SXSW: 'Transparent' Creator Jill Soloway Takes On Lack of Female Directors in Hollywood


"It's not just about finding the person; it's about protecting the person all the way through," says Soloway.

Why aren't there more women directors? That's a question that Transparent creator Jill Soloway is frequently asked. So she spent her time as the opening film keynote speaker at SXSW addressing how to enact change.

"My entire career could be simply talking to documentary directors asking me why there aren't more women directors," Soloway said to laughs before joking that, most of the time, it's male directors asking her that question.

She attributed the lack of gender diversity in directorial roles to a laundry list of societal problems, including patriarchy, men, white men and white supremacy. Soloway also acknowledged that, as she has become a director, she has also "become less of a woman."

"My hair and my suit are the markers where you can tell I'm a little bit more masc-presenting, dare I say," she added. "I'm still a woman, of course, but five years ago, I wasn't a director, I wasn't queer, and I probably would have identified as a fem person. After my parent came out as trans, I began to question my own gender inheritance, and I had a fantastic idea for a TV show, and I got very successful very quickly."

Soloway, who wrote for Six Feet Under and served as showrunner of United States of Tara before creating and selling Transparent to Amazon, passed out cards at the start of her panel, explaining that they contain the principles that guide her production company, Topple.

She then went on to offer up a new set of tools for aspiring directors that aren't necessarily taught in film schools. "For anybody who feels that they have been other, we're taking a step to claim our subjectivity when we grab that camera," she said. "That movement from object to subject can be so impossible."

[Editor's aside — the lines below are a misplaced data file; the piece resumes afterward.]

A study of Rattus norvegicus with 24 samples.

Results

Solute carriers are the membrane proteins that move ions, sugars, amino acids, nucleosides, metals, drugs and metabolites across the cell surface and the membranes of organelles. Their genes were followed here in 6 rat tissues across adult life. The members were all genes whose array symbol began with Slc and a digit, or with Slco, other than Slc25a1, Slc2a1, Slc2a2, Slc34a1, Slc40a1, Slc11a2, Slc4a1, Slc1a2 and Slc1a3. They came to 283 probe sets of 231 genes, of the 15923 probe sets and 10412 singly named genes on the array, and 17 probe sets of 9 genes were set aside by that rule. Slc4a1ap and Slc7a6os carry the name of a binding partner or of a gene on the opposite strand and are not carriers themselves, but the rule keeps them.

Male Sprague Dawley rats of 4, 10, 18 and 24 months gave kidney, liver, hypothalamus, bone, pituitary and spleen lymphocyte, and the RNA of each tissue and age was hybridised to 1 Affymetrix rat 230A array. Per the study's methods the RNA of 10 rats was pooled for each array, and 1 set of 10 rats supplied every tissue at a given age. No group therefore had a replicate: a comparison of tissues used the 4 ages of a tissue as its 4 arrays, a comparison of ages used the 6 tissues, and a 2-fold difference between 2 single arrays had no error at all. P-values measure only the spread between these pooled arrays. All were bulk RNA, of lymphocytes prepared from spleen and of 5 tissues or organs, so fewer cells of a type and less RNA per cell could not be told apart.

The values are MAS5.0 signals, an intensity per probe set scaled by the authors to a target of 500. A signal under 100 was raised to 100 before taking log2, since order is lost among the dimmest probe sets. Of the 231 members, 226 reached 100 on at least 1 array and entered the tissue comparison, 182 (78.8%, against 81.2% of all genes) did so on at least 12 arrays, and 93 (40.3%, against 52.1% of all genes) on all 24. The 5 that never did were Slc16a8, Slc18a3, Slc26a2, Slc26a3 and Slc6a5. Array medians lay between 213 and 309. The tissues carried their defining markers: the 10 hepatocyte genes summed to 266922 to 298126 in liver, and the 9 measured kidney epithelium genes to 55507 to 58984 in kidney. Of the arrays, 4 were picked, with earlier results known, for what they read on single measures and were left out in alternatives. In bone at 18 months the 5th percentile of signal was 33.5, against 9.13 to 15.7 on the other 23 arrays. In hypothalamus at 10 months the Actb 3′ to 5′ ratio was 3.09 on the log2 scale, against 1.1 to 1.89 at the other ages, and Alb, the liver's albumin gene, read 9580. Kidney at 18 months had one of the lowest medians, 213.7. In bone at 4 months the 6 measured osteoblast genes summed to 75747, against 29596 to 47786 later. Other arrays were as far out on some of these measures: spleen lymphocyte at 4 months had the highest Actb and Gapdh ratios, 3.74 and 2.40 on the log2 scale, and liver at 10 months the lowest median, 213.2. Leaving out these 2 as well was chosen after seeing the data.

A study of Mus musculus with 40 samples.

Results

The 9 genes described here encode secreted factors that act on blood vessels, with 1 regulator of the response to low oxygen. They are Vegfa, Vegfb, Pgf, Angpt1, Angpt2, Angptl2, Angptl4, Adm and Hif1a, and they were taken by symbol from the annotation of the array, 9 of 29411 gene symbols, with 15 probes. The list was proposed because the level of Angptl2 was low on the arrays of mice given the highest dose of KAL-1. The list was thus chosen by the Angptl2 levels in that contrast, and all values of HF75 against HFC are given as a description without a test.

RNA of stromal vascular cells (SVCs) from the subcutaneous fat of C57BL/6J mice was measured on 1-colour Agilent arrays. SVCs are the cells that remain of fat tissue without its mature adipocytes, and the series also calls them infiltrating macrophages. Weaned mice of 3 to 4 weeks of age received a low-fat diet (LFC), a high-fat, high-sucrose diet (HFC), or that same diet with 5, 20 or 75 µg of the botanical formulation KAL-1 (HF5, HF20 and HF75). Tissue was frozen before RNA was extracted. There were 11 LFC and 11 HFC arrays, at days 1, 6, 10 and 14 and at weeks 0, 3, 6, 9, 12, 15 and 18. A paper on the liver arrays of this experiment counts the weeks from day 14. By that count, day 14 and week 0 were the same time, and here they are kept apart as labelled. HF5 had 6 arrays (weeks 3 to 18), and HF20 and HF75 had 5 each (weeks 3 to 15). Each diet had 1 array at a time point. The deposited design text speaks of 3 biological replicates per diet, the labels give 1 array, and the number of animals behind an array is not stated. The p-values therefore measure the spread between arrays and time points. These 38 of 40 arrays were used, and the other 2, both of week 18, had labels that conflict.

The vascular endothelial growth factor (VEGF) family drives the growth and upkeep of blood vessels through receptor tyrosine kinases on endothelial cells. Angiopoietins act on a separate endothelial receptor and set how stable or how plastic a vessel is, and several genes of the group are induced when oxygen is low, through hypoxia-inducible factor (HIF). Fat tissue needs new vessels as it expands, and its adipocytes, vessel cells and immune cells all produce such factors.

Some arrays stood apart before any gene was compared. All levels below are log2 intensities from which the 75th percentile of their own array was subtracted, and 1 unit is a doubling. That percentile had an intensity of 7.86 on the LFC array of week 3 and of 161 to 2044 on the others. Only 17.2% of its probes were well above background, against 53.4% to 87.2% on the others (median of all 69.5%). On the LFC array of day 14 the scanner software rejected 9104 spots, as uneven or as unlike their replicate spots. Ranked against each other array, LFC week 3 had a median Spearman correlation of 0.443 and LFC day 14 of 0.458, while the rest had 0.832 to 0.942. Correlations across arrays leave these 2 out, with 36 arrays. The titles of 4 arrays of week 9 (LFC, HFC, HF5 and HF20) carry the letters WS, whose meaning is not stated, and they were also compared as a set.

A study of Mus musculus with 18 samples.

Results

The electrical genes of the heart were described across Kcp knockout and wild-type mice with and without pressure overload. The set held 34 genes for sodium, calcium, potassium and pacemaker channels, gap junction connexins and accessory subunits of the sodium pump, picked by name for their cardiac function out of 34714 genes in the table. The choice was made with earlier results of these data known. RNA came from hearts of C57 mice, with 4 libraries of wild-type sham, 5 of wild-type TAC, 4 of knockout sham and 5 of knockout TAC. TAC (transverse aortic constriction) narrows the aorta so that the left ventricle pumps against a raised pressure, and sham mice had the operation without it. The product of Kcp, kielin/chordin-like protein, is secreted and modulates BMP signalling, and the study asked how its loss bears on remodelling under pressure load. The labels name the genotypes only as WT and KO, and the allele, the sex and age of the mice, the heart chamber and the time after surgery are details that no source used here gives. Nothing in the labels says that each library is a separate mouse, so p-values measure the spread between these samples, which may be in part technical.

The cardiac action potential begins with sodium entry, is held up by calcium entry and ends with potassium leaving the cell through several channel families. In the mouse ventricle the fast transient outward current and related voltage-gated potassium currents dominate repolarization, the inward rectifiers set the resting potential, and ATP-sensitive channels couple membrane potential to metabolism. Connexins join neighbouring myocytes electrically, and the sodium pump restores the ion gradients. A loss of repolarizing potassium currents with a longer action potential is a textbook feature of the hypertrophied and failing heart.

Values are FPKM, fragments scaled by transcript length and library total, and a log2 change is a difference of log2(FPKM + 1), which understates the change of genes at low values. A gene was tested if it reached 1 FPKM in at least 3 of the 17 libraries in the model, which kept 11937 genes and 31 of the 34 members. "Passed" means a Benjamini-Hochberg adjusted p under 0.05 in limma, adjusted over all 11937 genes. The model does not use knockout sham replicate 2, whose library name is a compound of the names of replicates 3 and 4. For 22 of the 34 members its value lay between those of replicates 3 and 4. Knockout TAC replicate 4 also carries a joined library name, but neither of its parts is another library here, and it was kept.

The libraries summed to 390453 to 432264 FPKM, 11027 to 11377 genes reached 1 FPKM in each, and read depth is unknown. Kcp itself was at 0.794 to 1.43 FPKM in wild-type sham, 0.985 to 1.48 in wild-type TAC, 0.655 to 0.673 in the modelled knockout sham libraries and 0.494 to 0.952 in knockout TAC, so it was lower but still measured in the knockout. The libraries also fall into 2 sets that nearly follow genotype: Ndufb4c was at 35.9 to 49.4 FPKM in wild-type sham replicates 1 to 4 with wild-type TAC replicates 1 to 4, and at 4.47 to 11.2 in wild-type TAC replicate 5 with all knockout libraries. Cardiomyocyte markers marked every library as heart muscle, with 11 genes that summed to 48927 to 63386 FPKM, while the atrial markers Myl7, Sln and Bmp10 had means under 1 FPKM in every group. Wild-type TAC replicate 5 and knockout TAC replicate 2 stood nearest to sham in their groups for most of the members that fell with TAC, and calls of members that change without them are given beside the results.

Her tools include "trying to be in my body." For Soloway, that means being able to feel the actions that her actors are performing. She doesn't call "action" on set, calling it a "fake tool." She added: "There's nothing worse for taking people out of their bodies than yelling the word 'action.' " Instead, Soloway will start a shoot by saying, "Whenever you're ready, we're going."

Other tools she offered were to use a pen and paper to take down notes during a scene, which she said has allowed her to embrace her ideas. "A lot of my realizations as a director came from just going, 'OK, I have everything I need. I have to just be here, I have to be able to tell my instincts from my impulses or my instincts from my anxieties.' "

In a short Q&A at the end of the talk, Soloway discussed how it can be challenging to provide women with more roles on set, calling it "something you have to do over and over again, all day, everyday."

Soloway, who has become an outspoken advocate of the LGBT community and a voice of modern feminism, explained that when interviewing directors for her shows, the female candidates frequently doubted their abilities, while the men were more self-assured. "Sometimes I just want to give them this job because they're communicating to me that they've got this," she said of the male candidates, adding that hiring a woman isn't just about that one decision, but also committing to mentoring them throughout the process. "It's not just about finding the person; it's about protecting the person all the way through."

In addition to creating Transparent, Soloway adapted the novel I Love Dick into a TV series that will premiere May 12 on Amazon. She is also writing and directing the feature film Ten Aker Wood for Amazon.